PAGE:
Spelling - Changing 'y' to 'i'

Goals

To learn and practise the spelling rules associated with base words ending in 'y' when endings (suffixes) are added.

Lesson plan

The lesson is divided into a series of activities where students group words according to whether they keep the final 'y' of the base word when a suffix is added, or change 'y' to 'i'. For each set of examples, students are asked to identify and make predictions about the patterns for this area of spelling.

Introduction

The letter y is very often used at the end of a word instead of i, e.g.:

Let’s see what happens when we add an ending (suffix) to a base word like these:

Now the y is no longer at the end and so it is changed to an i.

However, sometimes the y does not change to i. We find examples like tidying and joyful.

When to change and when not to change? In this resource we will explore the patterns behind these spelling differences.

Activity 1

Ask students to look at the set of examples on the slide and sort them into two different groups:

Then, after they have sorted the examples into two groups, ask them if they can see a pattern. When do we change y to i and when do we keep the y? A clue is to look at the first letter of the suffixes (endings).

For advanced students, explore why we might want to keep the y before a suffix starting with i.

Activity 2 Advanced

Look at the next group of examples. None of them involve a suffix starting with i, so we don't need to worry about that exception here. But do they all change y to i?

Ask students to sort them into two groups, as in the previous activity, and find out.

Then, after they have sorted the examples into two groups, ask them if they can see a pattern.

Next, explore some exceptions to this rule.

Activity 3 Advanced

Tell students that we need to look at the special pattern before the -s ending. This ending is used with nouns to form plurals, e.g.:

We also find -s as a verb ending:

As you can see, before -s the y changes to ie instead of just i. This avoids misleading spellings like terrifis, or cris instead of cries, which would imply the wrong pronunciations.

Ask students to test if this works as a general pattern, and whether we find the same exception that we found before (for the y to i rule), for items where there is a vowel letter before the final y (like boy). To test this, ask students to sort the next set of examples into two groups, CHANGE 'Y' TO 'IE' and KEEP 'Y'.

Extra

Finally, explore the following examples which keep the y:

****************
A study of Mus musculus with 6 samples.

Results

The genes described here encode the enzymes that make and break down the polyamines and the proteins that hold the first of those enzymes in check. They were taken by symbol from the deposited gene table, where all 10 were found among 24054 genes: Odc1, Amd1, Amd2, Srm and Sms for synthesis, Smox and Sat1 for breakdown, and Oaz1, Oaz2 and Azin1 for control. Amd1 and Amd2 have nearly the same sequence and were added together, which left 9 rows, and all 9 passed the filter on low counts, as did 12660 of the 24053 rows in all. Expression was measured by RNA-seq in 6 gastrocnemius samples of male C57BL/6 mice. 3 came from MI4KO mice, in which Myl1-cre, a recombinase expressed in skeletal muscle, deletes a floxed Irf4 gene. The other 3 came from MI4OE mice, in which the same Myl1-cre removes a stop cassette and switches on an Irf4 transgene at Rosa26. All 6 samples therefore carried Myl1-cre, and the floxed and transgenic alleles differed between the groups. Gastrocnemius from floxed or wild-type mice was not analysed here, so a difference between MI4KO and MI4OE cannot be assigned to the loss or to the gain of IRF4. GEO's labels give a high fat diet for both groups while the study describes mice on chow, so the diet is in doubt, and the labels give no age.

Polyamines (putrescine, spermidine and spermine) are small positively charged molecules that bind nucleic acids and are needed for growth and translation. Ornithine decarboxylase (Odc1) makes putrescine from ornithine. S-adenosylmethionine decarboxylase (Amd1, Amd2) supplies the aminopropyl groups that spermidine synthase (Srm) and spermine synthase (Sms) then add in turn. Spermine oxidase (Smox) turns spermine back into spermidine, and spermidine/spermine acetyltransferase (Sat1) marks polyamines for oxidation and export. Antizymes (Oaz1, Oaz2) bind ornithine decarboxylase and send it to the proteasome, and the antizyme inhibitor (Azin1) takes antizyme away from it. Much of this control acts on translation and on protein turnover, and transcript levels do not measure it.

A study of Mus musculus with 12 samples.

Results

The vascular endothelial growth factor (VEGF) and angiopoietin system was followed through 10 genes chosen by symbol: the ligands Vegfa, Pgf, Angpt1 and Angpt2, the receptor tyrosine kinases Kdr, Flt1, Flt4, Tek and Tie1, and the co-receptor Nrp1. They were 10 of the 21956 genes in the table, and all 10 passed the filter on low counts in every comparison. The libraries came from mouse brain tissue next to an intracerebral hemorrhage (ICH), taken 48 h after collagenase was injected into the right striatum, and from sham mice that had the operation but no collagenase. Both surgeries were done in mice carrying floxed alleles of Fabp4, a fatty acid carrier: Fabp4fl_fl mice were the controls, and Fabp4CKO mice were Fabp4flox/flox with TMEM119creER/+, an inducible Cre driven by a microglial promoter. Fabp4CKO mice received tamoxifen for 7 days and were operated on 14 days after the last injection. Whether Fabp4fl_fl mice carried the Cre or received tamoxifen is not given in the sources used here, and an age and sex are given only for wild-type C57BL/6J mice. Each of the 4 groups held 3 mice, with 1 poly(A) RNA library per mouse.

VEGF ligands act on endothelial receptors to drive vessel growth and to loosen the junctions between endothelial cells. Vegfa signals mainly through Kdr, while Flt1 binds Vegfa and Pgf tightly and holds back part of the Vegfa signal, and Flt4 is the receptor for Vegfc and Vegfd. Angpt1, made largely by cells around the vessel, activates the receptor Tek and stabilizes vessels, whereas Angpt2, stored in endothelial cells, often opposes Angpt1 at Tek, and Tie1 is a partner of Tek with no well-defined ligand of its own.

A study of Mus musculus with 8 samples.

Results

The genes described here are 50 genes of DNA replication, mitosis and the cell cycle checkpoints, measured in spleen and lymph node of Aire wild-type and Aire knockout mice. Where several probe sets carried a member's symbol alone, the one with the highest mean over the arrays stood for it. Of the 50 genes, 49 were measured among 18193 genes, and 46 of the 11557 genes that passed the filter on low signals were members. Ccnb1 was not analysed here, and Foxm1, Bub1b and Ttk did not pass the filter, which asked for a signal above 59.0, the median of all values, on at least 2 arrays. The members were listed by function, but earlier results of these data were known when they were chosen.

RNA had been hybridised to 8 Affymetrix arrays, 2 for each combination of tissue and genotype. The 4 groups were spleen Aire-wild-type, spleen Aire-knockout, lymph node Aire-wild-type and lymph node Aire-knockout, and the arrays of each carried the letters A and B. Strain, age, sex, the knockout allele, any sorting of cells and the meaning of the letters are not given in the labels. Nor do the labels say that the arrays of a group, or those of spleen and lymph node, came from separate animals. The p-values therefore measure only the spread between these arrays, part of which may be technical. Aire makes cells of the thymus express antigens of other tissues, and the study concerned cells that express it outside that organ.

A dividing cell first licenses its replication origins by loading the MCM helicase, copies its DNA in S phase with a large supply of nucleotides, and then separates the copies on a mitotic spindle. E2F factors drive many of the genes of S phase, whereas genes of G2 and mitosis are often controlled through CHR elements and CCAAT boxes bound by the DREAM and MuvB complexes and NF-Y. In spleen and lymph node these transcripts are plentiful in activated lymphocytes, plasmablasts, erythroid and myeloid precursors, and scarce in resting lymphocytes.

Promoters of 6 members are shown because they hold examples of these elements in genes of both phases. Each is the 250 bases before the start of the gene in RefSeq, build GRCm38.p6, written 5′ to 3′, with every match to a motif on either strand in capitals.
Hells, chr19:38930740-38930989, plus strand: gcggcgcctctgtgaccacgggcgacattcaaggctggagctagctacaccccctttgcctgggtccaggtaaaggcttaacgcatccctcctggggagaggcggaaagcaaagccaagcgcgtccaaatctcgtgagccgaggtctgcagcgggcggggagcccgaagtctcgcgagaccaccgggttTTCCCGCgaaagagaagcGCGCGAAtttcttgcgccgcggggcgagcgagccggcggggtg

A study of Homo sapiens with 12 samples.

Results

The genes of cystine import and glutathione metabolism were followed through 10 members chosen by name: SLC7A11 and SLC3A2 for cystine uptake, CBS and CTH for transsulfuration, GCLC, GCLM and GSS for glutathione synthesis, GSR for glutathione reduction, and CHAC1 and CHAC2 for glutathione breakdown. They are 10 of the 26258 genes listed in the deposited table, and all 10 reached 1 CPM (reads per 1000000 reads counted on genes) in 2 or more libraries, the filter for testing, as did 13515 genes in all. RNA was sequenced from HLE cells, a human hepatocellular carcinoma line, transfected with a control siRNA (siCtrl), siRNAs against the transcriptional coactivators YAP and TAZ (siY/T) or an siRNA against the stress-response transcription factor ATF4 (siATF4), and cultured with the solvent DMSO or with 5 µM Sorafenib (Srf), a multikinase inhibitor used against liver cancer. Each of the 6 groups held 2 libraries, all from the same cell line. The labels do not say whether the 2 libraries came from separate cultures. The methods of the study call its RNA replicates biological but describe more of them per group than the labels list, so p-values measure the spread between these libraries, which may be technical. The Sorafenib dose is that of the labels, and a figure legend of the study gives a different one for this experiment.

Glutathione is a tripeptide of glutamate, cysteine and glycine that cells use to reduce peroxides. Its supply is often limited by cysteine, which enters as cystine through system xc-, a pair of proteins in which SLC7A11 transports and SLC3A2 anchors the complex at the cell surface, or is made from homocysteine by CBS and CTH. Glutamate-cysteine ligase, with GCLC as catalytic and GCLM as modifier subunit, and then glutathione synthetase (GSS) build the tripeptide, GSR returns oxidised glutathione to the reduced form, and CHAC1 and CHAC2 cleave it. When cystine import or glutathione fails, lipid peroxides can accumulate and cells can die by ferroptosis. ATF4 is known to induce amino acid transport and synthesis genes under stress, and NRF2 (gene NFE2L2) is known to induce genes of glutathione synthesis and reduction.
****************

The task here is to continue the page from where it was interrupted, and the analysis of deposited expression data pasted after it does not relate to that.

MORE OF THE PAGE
Here there is no vowel letter before the y. What is going on?

Summary

We can now sum up what we have found overall, adding the findings for -s endings to our earlier results.

This accounts for numerous examples. However, there are as usual some exceptions to the general pattern! These examples break the pattern by keeping the y:


Sort the examples into two groups

CHANGE 'Y' to 'I'
KEEP 'Y'
tiny + -est → tiniest
memory + -al → memorial
beauty + -ful → beautiful
baby + -ish → babyish
weary + -ness → weariness
try + -ing → trying
apply + -ing → applying
try + -ed → tried
apply + -ance → appliance
silly + -ish → sillyish

Answers

When do we change y to i and when do we keep it?

Did you notice that there are some examples where the same base word behaves differently with different suffixes?

Can you think of a reason to keep the y before a suffix starting with i?

In general, double i is avoided in English. There are just a few exceptions, such as skiing. (That is not an exception to our rule about y, however, because the base word ends in i: ski + -ing → skiing.)


Sort the examples into two groups

CHANGE 'Y' to 'I'
KEEP 'Y'
merry + -ment → merriment
envy + -able → enviable
obey + -ed → obeyed
deny + -al → denial
annoy + -ance → annoyance
betray + -al → betrayal
rely + -ed → relied
enjoy + -ment → enjoyment
defy + -ance → defiance
employ + -able → employable

Answers

When do we change y to i and when do we keep it?

Did you notice that there are some examples where the same ending behaves differently with different base words?

There are numerous examples which obey the ‘keep y after a vowel letter’ part of this rule: stayed, annoyed, prayed ...

However, there are some exceptions to the rule: day → daily, gay → gaily, pay → paid, lay → laid, say → said

(Note that these are short words. The last three are also irregular because they don't end in -ed, so we just have to know the individual spellings.)


Sort the examples into two groups: pattern before '-s'

CHANGE 'Y' to 'IE'
KEEP 'Y'
boys
memories
envies
obeys
denies
annoys
betrays
relies
enjoys
monkeys
flies
hurries
babies
accompanies
tries
turkeys
chimneys
days
plays

Answers

These words show plural -s added to a noun or present tense -s added to a verb. When do we change y to ie and when do we keep it?

Do we find the same exception as we found before (for the y to i rule), for items where there is a vowel letter before the final y (like boy)?